We want to enlarge our patio, but there are buried utility lines running under our backyard. What should we do? Are we out of luck? -Laura
Utility lines run underneath pavement, streets, and sidewalks all the time; but when installing a new patio or deck, it’s very important to make sure you do it safely to avoid damaging any existing lines.
If you have utility lines running through your yard, follow these tips:
- Plan Carefully: If you’re pouring footings or digging holes for posts, design your patio or deck around the location of the lines. If you’re building a simple shallow paver patio, with the right precautions you should be able to build it on top of existing lines.
- Call Before You Dig: Before you begin, dial 811 to schedule an appointment with your local utility locator service. They’ll come out and mark the location of buried utility lines through your yard.
- Call Utility Companies: Next, contact the companies responsible for each of the lines in your path, to verify how deeply the lines are buried. Electric lines are typically buried 18” or so, but cable TV lines may be much shallower.
- Dig By Hand: The “Call Before You Dig” service recommends that the area within 18” of either side of the flags be dug by hand, not by machine. Hand-dig VERY carefully using a fiberglass handled shovel to protect you from electric shock. Do not nick, break, or pull any underground lines! If you encounter lines or pipes within the dig zone of your patio base, contact the relevant utility company for help moving them.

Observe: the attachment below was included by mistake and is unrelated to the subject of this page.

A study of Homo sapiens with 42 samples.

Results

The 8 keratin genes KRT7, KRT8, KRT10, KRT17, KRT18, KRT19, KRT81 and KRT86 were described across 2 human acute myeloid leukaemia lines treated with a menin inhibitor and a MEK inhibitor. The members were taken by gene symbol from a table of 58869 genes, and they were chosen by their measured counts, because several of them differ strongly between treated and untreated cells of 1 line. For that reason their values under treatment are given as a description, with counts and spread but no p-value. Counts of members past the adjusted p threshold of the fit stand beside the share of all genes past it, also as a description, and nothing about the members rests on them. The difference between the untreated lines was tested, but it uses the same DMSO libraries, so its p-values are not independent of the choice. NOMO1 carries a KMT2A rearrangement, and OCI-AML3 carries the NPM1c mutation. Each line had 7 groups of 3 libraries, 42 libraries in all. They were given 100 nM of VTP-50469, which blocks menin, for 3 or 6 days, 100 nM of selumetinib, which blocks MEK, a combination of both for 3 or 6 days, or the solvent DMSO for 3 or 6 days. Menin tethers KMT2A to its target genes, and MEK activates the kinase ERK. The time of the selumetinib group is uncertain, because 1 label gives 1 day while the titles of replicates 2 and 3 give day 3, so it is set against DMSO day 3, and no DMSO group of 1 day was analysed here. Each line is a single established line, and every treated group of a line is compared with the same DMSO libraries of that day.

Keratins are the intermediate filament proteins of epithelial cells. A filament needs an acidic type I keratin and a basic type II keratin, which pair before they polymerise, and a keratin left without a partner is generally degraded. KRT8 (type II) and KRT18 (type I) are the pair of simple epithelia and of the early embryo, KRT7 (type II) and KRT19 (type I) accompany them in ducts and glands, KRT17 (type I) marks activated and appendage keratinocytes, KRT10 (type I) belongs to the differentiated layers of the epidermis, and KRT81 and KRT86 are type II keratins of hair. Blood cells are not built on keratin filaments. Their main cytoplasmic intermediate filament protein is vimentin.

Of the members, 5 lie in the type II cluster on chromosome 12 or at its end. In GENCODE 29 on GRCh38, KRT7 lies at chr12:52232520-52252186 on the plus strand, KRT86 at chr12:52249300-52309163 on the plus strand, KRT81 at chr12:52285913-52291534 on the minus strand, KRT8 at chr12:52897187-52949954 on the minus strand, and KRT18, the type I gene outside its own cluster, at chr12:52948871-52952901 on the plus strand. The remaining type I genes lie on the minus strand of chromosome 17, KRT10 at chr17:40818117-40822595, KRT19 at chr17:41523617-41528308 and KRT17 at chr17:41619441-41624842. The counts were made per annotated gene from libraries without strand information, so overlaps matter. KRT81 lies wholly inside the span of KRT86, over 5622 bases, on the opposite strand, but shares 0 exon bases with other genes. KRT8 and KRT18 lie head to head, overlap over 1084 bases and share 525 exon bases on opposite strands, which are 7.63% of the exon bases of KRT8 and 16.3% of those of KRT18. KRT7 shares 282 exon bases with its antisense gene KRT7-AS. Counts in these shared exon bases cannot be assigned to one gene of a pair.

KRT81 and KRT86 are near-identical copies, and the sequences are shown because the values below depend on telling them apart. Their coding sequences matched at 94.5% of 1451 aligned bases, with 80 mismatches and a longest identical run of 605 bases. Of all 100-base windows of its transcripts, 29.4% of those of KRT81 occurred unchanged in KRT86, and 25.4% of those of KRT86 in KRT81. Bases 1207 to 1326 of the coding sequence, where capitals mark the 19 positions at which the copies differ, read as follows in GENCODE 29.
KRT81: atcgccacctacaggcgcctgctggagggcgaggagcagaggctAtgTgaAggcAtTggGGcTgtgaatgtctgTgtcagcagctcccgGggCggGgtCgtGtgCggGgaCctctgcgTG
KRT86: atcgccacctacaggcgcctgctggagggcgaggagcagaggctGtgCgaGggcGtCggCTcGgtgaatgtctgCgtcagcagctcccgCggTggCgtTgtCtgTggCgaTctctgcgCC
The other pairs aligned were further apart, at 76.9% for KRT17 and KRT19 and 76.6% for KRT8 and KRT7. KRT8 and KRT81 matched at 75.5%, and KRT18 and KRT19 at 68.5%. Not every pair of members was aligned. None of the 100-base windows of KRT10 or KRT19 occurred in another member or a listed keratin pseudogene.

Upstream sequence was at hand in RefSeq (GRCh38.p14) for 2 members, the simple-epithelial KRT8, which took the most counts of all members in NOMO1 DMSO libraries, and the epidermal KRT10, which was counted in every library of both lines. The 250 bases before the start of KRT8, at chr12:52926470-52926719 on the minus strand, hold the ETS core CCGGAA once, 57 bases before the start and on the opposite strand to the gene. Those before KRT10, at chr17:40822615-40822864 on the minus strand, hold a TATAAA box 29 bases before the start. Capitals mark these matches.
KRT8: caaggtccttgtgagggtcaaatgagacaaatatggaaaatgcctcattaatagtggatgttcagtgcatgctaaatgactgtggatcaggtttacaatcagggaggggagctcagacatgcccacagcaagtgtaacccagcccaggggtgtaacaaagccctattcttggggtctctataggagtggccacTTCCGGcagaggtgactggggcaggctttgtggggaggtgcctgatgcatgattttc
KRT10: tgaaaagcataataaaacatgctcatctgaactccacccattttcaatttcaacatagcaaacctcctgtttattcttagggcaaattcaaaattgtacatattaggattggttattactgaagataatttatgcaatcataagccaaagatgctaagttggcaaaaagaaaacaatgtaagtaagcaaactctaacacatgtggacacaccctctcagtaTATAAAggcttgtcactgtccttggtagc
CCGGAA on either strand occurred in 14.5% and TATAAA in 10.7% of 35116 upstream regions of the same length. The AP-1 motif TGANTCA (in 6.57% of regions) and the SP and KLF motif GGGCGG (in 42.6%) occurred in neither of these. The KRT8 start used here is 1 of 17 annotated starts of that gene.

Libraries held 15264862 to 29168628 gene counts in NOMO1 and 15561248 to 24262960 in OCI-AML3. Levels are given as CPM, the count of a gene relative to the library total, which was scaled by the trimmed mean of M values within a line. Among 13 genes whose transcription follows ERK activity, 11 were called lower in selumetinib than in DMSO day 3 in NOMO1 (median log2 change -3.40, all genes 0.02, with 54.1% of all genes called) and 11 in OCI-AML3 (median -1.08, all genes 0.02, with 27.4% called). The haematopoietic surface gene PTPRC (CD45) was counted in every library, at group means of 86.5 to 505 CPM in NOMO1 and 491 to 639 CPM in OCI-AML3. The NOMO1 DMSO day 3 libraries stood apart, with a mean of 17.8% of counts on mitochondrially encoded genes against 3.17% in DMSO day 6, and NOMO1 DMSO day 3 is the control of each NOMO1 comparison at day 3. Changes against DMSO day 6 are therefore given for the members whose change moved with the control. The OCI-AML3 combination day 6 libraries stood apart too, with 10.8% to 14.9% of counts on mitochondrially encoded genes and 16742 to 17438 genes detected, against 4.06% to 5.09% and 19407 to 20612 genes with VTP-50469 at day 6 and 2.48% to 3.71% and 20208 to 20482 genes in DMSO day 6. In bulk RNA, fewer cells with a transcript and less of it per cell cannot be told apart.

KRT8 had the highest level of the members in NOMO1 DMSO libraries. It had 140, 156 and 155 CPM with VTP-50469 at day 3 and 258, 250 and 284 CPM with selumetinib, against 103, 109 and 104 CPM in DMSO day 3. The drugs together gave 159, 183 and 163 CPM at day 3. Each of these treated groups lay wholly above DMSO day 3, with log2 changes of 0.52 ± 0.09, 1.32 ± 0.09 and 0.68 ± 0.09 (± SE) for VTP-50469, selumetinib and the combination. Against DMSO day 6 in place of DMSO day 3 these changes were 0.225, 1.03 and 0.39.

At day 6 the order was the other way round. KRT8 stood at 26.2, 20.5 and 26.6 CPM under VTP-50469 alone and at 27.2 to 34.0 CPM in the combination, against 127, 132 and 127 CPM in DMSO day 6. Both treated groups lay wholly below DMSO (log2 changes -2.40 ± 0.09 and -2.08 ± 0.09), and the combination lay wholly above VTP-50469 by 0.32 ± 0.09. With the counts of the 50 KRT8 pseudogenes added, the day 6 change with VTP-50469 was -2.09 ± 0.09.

- Consider Future Repairs: The chances of those lines ever needing repair may seem pretty slim; but if they do need replacing, you’re going to be faced with the choice of either ripping up your patio or boring a hole underneath it. Boring underneath a patio or driveway isn’t all that complicated; you can rent a boring unit, tunnel underneath it by hand, or hire a contractor to handle the job. Still, if you think you might want to upgrade your electrical service, go ahead and do it now if you can.
- Consider Conduit: If you’re installing new lines now, it would be a good idea to encase them in conduit, so that future repairs are never a problem.